For any life sciences company bringing its first product to market, the “commercialization to-do list” is long and punctuated by one critical strategic decision after another. What market data will we need? What technology components will be required? What applications must we have in place? What should we build vs. buy vs. rent?
Often in as little as 18 months, they must pull together – or access – an entire commercial organization and infrastructure. Fortunately, companies anticipating their first marketing approval need not do it alone. There are lessons to be learned from those who’ve gone before and new options available given the latest technology advances and service delivery models.
The following pages are a guide through that maze of decisions, drawing upon our experience in working with industry leaders who’ve faced the same challenges. We offer our thoughts on what emerging companies need to consider as they stand up the platform and applications that will support a commercial enterprise – while avoiding the pitfalls that hold many larger commercial companies back from peak operating efficiency.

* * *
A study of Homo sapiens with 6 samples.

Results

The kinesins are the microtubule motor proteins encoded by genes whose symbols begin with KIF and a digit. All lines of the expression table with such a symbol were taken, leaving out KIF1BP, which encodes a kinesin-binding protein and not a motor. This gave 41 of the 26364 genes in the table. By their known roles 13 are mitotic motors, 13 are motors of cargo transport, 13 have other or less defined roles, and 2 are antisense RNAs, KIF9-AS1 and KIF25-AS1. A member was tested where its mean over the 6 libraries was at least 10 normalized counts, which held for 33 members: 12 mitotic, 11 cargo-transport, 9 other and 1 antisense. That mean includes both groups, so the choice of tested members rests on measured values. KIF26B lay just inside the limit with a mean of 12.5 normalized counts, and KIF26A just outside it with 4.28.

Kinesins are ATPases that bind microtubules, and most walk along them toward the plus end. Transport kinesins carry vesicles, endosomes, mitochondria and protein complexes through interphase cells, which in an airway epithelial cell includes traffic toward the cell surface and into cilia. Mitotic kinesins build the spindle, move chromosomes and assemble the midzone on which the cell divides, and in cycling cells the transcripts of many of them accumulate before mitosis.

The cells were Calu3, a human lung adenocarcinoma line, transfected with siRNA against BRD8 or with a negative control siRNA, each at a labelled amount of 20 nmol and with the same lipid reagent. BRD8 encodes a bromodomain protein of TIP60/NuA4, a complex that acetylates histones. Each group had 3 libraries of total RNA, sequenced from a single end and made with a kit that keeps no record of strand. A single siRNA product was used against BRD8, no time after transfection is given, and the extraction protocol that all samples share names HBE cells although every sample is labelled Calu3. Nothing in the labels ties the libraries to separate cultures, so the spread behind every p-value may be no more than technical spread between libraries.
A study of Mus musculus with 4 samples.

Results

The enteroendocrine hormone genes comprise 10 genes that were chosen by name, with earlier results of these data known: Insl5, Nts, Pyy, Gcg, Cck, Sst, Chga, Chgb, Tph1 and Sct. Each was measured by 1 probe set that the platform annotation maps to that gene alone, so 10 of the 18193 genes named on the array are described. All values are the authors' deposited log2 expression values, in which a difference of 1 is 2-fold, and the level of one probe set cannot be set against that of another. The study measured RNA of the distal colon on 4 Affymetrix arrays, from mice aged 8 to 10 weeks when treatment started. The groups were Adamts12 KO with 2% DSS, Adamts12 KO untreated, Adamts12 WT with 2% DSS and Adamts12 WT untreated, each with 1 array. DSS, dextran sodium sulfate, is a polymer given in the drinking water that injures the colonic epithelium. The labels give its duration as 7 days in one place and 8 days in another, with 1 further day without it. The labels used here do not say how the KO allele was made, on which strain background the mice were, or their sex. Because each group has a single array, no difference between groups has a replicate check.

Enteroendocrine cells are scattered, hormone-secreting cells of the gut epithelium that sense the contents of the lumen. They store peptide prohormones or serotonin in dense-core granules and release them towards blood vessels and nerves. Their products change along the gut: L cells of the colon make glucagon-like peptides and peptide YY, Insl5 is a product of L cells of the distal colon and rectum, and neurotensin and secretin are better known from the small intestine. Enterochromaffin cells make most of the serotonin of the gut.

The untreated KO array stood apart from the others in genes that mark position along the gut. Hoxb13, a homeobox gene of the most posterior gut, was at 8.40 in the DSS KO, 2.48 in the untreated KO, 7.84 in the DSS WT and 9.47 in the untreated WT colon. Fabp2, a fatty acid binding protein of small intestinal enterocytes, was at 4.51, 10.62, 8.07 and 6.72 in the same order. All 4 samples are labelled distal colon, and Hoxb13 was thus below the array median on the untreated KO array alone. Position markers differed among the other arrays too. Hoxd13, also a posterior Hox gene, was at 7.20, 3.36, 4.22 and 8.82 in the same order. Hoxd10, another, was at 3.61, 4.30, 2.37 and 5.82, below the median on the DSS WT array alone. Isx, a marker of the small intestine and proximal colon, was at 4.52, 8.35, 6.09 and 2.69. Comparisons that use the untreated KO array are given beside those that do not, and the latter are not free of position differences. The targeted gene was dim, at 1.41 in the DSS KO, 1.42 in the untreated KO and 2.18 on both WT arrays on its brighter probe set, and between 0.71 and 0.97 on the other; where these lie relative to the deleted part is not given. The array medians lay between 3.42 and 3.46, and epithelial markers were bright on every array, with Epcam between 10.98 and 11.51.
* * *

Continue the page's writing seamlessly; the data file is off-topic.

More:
DEFINING THE GOAL
The most advanced life sciences companies today accept that commercial operations capabilities are a strategic differentiator. The operations function can serve as an engine for managing commercial models, increasing consistency, decreasing costs, and in the end, supporting the critical decisions that will determine market success. The function must be designed to:
- Address a multi-stakeholder environment & enable cross-functional alignment
- Capture best insights from multiple, diverse data sources
- Provide business critical information when and where it is needed
- Provide early warnings to enable proactive, rapid interventions
- Scale across countries, franchises and business units
- Support the go-to-market strategy across multiple channels
- Engage with service providers who can help with covering the entire depth and breadth of information across various data and technology assets
The infrastructure that supports these efforts must accommodate big data analytics (not just simple queries) and make best use of cloud computing and software as a service (SaaS) solutions designed specifically for the life sciences industry. When building the infrastructure, companies should consider the entire spectrum of information and technology needs rather than address individual applications or work streams in isolation. Interoperability of all the different components is key to optimizing the commercial organization. When all of the necessary tools and resources are designed to work together, workflows are streamlined, data handoffs are minimized and all internal stakeholders access “one version of the truth” from a central data repository.